More than 100 world-class athletes, including about 30 Olympians, will compete Sunday in the Irvine Elite track meet, beginning at 3:30 p.m. at UC Irvine.
The meet, sanctioned by The Athletics Congress, will feature the largest collection of world-class track and field talent ever gathered for an Orange County competition.
Some of the top entrants include Roger Kingdom, the two-time defending Olympic gold medalist in the 110-meter high hurdles; Evelyn Ashford, a three-time Olympian in the 100-meter dash and gold medalist in that event in 1984; Danny Harris, silver medalist in the 400-meter hurdles in 1984, and two-time Olympian Julius Kariuki of Kenya, the gold medalist in the steeplechase at the Seoul Olympics.
Three-time Olympian Edwin Moses, a double gold medalist in the 400-meter intermediate hurdles is, along with UC Irvine Coach Danny Williams, one of the meet’s chief promoters.
According to Moses, the meet is the first of what is hoped to be a series of track and field invitationals that will establish the sport as a major spectator attraction in the United States. A second Elite meet is scheduled for June 10 at Tucson, and Williams said he hopes to expand the series.
“Eventually, we want to include Atlanta and probably another city on that side of the country,” Williams said. “Our long-range goal is five cities.”
Moses, 33, and a Newport Beach resident, said he is dedicated to promoting the meet in hopes of creating enough interest to keep top track stars competing within the United States. Currently, many of the nation’s top track and field stars travel outside the United States, primarily to Europe, where summer racing circuits offer large, enthusiastic crowds and substantial appearance fees.
In the United States, track and field’s governing body, The Athletics Congress or TAC, allows athletes to accept such fees as long as the money is routed through a TAC-certified trust fund, which athletes are allowed to draw from for training and living expenses.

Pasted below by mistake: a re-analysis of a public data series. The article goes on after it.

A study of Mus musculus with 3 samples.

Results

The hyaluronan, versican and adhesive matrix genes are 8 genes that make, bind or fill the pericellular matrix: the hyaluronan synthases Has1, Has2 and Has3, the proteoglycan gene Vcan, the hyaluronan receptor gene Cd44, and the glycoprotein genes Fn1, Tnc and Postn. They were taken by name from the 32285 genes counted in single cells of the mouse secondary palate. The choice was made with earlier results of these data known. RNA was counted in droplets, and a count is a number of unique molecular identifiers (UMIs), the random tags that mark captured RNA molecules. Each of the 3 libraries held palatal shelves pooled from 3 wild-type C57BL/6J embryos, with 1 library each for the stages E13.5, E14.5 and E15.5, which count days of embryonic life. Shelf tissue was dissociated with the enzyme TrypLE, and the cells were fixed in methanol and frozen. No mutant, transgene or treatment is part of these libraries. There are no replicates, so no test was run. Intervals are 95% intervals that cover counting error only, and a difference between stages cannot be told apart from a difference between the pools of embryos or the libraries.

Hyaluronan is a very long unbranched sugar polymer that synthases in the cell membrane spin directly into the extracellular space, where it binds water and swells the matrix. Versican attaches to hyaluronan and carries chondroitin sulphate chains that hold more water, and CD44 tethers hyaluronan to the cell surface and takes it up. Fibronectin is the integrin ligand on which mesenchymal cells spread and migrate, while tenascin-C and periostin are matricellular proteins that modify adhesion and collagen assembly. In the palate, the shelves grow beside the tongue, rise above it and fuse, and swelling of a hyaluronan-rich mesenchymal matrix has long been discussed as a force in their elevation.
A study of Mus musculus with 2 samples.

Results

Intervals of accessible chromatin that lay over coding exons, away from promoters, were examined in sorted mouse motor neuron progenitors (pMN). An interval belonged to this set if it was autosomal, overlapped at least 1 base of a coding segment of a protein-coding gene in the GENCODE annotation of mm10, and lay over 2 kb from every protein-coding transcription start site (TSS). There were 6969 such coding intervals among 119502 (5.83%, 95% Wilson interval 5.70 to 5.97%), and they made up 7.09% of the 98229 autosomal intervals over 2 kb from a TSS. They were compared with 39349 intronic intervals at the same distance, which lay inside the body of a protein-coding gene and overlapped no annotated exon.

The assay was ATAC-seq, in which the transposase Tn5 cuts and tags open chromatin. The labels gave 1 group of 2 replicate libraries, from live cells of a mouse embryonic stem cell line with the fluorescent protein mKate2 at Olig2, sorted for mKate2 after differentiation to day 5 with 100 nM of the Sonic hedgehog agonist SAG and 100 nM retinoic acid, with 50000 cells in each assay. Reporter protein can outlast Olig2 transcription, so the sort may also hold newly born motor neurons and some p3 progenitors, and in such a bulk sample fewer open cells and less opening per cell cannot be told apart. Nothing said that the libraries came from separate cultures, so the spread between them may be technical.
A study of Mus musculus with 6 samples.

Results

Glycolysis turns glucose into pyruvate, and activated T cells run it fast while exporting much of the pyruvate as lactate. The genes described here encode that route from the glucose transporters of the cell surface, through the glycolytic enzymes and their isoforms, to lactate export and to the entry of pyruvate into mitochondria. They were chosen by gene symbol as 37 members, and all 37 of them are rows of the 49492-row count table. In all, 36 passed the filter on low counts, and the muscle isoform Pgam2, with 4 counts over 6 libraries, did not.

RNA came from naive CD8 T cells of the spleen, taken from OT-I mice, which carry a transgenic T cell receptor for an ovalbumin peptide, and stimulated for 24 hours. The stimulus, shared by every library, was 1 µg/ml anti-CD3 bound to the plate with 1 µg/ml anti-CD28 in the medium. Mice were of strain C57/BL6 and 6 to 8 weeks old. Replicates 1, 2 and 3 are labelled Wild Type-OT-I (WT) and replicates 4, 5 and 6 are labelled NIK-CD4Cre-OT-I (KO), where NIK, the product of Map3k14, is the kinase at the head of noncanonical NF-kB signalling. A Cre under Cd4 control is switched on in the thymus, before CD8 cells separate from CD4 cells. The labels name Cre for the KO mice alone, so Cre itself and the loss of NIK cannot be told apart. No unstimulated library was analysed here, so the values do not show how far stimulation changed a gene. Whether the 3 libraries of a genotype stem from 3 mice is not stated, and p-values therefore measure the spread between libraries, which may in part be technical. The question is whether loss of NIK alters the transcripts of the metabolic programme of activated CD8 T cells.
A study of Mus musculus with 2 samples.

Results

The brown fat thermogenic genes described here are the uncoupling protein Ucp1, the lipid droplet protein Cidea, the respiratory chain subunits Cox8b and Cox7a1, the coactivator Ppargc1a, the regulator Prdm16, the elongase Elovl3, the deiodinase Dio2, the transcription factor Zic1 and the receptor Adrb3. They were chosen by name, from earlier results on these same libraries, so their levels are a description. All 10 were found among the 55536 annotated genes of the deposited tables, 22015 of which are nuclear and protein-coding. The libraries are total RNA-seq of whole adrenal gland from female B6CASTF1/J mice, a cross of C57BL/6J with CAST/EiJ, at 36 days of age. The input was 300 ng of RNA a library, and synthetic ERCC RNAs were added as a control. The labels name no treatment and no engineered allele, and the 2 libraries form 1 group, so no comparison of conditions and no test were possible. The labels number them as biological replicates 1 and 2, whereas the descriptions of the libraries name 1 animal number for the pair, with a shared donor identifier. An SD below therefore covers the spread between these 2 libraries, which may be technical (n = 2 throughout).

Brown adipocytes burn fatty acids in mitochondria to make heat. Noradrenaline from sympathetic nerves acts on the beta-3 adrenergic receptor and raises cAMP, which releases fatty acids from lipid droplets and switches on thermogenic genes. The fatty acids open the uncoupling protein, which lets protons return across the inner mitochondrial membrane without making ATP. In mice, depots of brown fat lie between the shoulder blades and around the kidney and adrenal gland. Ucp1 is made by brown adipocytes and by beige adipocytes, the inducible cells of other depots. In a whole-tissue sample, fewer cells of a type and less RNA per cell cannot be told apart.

Moses said the athletes competing Sunday are doing so--this year--without any financial gain.
“The athletes will be passing up a payday by coming to this meet,” Moses said. “I think that shows their dedication to making this work. . . . Eventually, as the meet develops and grows, we’d have to consider (offering appearance money).”
Moses, who has postponed his own competition until later this summer to work on gaining a master’s in business administration at Pepperdine University, said he and Williams are working on gaining major sponsorship and television coverage for next year’s meet.
With that, and gate receipts--tickets are $10 for adults, $5 for children 12 and younger and senior citizens--they hope to gain enough funds to attract even more top athletes.
“We have the best track and field athletes in the world here in the United States, but we’ve never really concentrated on (promoting and marketing) it as a major sport here in this country,” he said.
Moses and Williams hope to fill the 2,500-seat stadium Sunday and eventually draw at least double that.
“The caliber of athletes that are here are basically the same as the Olympic team,” Williams said. “It’ll be kind of a mini-Olympics out there Sunday. We’re trying to create a family atmosphere.”
To enhance spectator interest and because the United States is strong in the sprints, Williams said they are holding races of no more than 800 meters.